Alyssa Rodriguez has been dancing most of her life. Some of her fondest childhood memories were inside a dance studio. She had her first major injury at the age of 13 with a torn meniscus. "I was still dancing, walking and doing everything but I didn't know it was torn," Rodriguez said.
A torn meniscus is a common knee injury in any physical activity. Dancers often experience this type of injury if they forcefully twist or rotate the knee while putting their full body weight on the knee. It can cause pain, swelling and stiffness. In some cases, it can require surgical repair."Physical therapy helped. When it hurt during dance practice, I would rest my knee and ice it," Rodriguez said. She said she got used to the pain and inconvenience but kept on dancing.
Now as a junior on the UT Arlington Mavericks Dance Team, she practices with her squad four to five days a week, performs at games and various community events. A Texas Health Sports Medicine lead athletic trainer, Morgan Tharp, watches the dancers' every move. Tharp not only helps reduce the frequency and severity of injuries — she feels like she's part of the team.
"Dancers are predisposed to many different injuries to the knee, ankle and hips," Tharp said. She's also the primary athletic trainer for the cheer team. Besides UTA, Texas Health Sports Medicine athletic trainers work with student athletes at universities across North Texas.
In July 2018, Rodriguez was practicing with her squad in preparation for the National Dance Alliance camp. "We were doing twists and turns to the ground and practicing kip-ups, where you roll back, throw your body forward and land on your feet," Rodriguez said. After practice, her left knee started bothering her. She thought it would get better after some rest.
"The next day I was dancing and after the third time of twisting to the ground, I couldn't do it anymore. It hurt that bad. I knew something was wrong," Rodriguez said. She couldn't bend her knee all the way or keep it straight. She says it even hurt to do a squat.
Luckily, Tharp was there when it happened. "With her previous history of injury and the mechanism of the new injury, I suspected it might be her meniscus again," Tharp said. "I used a HOPS (History, Observation, Palpation and Special Tests) evaluation to determine our next step." Tharp called Texas Health to set up an appointment with an orthopedic physician and suggested she get an MRI.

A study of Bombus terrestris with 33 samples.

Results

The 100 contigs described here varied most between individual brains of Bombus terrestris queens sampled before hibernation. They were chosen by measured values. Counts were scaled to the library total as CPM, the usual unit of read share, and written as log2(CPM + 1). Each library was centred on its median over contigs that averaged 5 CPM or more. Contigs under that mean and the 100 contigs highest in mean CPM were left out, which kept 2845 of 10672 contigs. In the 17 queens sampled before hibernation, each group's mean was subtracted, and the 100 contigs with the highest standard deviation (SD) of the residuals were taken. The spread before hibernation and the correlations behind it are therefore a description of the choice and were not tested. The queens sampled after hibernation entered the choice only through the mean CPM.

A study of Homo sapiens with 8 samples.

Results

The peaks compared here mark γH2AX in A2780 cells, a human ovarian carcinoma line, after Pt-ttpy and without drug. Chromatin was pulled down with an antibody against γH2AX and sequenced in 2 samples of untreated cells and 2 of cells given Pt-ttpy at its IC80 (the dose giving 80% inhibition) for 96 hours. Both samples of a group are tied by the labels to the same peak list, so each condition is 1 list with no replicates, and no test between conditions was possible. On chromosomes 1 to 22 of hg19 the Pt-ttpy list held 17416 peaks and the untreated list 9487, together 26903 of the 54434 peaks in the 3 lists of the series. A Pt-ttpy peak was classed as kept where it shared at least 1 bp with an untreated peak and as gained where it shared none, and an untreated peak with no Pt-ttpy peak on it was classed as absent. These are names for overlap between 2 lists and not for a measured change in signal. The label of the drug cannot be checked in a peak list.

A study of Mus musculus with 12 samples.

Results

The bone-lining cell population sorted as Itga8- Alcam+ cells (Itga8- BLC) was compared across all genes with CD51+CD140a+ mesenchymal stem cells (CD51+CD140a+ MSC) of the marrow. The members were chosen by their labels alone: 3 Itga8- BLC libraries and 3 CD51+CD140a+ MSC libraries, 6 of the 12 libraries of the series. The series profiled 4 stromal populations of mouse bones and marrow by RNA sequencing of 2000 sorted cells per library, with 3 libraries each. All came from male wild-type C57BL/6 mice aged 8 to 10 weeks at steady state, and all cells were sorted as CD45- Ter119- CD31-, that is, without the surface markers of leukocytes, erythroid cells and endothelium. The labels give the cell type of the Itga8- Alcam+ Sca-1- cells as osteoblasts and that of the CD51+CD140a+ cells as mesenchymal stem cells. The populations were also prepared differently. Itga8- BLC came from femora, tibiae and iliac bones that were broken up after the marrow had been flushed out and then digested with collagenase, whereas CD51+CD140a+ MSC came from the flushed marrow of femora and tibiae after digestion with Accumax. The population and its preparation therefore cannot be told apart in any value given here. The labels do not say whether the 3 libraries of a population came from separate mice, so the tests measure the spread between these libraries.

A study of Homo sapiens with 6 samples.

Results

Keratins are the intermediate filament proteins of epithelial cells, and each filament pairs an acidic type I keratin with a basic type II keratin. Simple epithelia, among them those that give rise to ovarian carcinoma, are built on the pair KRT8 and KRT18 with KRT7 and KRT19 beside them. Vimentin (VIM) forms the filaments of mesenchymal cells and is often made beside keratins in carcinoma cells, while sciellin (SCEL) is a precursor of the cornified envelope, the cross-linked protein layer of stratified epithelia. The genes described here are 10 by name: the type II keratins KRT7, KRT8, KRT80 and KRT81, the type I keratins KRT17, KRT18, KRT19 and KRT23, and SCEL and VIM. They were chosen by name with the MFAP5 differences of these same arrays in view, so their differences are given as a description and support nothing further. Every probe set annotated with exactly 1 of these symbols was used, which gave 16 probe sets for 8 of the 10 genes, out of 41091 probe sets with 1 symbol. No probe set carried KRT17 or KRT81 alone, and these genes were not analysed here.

"I've never wanted to cry that bad with a knee injury," Rodriguez said. "I was upset and frustrated that I was hurt again. It took a lot of work to get my knee back to where it was."
After talking it over with her mom, Rodriguez decided to get a meniscectomy, a surgery to remove part of the lateral meniscus on her left knee, because of the persistent discomfort.
She was able to put weight on her knee three days after surgery and start physical therapy. "The recovery can last up to 12 weeks if there's no complications from surgery," said Adam Culiver, P.T., D.P.T., S.C.S., a physical therapist with Texas Health Sports Medicine.
"Getting mobility back into my leg was my biggest challenge," Rodriguez said. "But Adam made me feel comfortable about the exercises and motivated me to keep going."
Culiver says everyone's treatment is different. "Don't base your progress off someone else's," he said. "I tell my patients there's a difference between good soreness and bad soreness. We'll come back to a workout once they feel more comfortable."
For nearly three months, Rodriguez watched her squad practice and perform as she sat on the sidelines. She says she's very grateful for their understanding of her injury. "They understood that I wanted to dance — I was just physically unable to do so," she said.
Rodriguez is fully recovered and working with her team to learn a new routine for the National Dance Alliance Championship in Dayton Beach, Florida. Rodriguez says she's looking forward to representing UTA at the competition in April.
"I have to be more cautious since my surgery, so I don't injure myself again," Rodriguez said. "But I'm ready to compete and be there for my team."
About Texas Health Resources
Texas Health Resources is a faith-based, nonprofit health system that cares for more patients in North Texas than any other provider. With a service area that consists of 16 counties and more than 7 million people, the system is committed to providing quality, coordinated care through its Texas Health Physicians Group and 29 hospital locations under the banners of Texas Health Presbyterian, Texas Health Arlington Memorial, Texas Health Harris Methodist and Texas Health Huguley. Texas Health access points and services, ranging from acute-care hospitals and trauma centers to outpatient facilities and home health and preventive services, provide the full continuum of care for all stages of life. The system has more than 4,100 licensed hospital beds, 6,400 physicians with active staff privileges and more than 26,000 employees. For more information about Texas Health, call 1-877-THR-WELL, or visit www.TexasHealth.org.